Infertility and overall health: are they related?

More than one in eight couples of childbearing age have difficulty conceiving or carrying a pregnancy to term, according to the Centers for Disease Control and Prevention. Experts at the World Health Organization (WHO) and the American Society for Reproductive Medicine (ASRM) have designated infertility a disease. In 2017 the American Medical Association (AMA) finally recognized infertility as a distinct disease process. This declaration may have a broader impact on how patients, insurers and society approach infertility.

Causes of infertility are present in both men and women, with about 40 percent of all infertile couples demonstrating a combination of factors. And in about 15 percent of couples, no dysfunction or abnormality can be identified, making a definite diagnosis difficult (so called unexplained infertility).  Additionally, infertility in both men and women leads to a decline in many quality-of-life metrics, including psychological effects and sometimes a stigma of social isolation. The good news is that early treatment of infertility, ranging from simpler alternatives to ART, results in successful outcomes (live births), and significantly improves these metrics.

Some of the largest health insurance companies in the U.S., including Cigna, Optum Health and Aetna, cover some infertility treatments. However, not all insurance companies cover treatment. Undoubtedly our field has made tremendous advances in the management of infertility, and as we celebrate IVF’s 40th birthday we remain hopeful that the AMA declaration may promote and expand insurance coverage and payment.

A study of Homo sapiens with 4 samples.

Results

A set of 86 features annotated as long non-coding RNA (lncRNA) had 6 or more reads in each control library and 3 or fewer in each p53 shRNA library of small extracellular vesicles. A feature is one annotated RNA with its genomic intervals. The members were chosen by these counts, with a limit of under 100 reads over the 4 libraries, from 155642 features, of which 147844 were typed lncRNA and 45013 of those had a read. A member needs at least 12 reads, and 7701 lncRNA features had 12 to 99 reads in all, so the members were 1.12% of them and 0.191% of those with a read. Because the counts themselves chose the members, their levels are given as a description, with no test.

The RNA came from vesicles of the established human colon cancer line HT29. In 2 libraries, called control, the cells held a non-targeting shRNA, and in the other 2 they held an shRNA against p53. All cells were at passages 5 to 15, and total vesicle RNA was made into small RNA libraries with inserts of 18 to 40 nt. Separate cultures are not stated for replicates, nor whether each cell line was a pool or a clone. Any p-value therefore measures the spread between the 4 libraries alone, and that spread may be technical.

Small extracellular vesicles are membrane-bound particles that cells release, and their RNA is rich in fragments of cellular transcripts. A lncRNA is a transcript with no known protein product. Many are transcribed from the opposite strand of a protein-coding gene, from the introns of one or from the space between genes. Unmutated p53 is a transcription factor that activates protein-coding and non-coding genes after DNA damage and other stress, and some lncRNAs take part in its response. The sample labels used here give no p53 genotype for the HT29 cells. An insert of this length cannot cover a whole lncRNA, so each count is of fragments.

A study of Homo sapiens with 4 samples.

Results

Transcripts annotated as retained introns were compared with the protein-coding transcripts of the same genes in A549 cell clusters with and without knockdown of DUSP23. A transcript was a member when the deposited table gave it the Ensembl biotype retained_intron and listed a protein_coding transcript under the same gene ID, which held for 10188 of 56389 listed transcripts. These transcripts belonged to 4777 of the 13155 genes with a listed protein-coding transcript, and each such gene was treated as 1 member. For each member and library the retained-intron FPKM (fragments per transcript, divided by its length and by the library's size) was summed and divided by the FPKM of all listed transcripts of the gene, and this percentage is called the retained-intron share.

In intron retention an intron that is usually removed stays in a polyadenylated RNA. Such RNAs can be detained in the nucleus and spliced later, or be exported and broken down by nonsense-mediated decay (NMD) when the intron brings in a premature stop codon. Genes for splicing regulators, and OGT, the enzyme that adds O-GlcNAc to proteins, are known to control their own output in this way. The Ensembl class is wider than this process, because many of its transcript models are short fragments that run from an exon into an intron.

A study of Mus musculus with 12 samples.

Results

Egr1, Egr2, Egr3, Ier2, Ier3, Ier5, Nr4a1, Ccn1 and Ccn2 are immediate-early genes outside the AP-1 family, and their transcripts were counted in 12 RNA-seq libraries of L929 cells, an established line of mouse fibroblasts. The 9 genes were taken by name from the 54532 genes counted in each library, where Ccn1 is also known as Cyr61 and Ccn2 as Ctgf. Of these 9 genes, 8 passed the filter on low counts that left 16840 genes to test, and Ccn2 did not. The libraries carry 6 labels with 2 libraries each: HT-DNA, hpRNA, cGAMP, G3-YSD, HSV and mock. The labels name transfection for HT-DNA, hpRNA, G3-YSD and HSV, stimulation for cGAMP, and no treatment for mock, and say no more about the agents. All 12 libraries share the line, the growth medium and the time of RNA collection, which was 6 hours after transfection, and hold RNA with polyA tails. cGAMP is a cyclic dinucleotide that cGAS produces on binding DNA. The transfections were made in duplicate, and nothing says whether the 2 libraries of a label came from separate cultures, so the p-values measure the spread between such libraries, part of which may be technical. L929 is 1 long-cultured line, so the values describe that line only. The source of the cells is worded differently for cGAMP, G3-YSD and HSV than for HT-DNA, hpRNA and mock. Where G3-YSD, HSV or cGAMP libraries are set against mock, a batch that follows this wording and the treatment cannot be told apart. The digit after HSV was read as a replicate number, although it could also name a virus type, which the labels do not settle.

Importantly, it has also been recognized that reproduction affects health and health affects reproduction. There is consensus that infertility may be a sign or indicator of future health risks. A well understood link exists between PCOS (polycystic ovarian syndrome) and medical co-morbidities such as diabetes, dyslipidemia, obesity, endometrial cancer, and cardiovascular disease.  All these factors need to be considered in the reproductive years and beyond. Similarly, there is evidence of an association of diminished ovarian reserve and ovarian aging with cardiovascular disease.  Also, male infertility can be a signal of future health for men, as links are found between semen quality and male infertility and cancer risk, as well as cardiovascular and metabolic health problems.

These associations highlight that a diagnosis of infertility may identity a risk population, and that potential early interventions can be implemented in terms of surveillance and hopefully prevention of future disease. At Sher Fertility Institute New York we will guide you to fertility treatments with a holistic, health conscious approach.

Contact Sher Fertility Institute New York at 646-792-7476 or click here to schedule an appointment with one of our fertility doctors. Our Patient Care Specialists will contact you within the next 24 hours.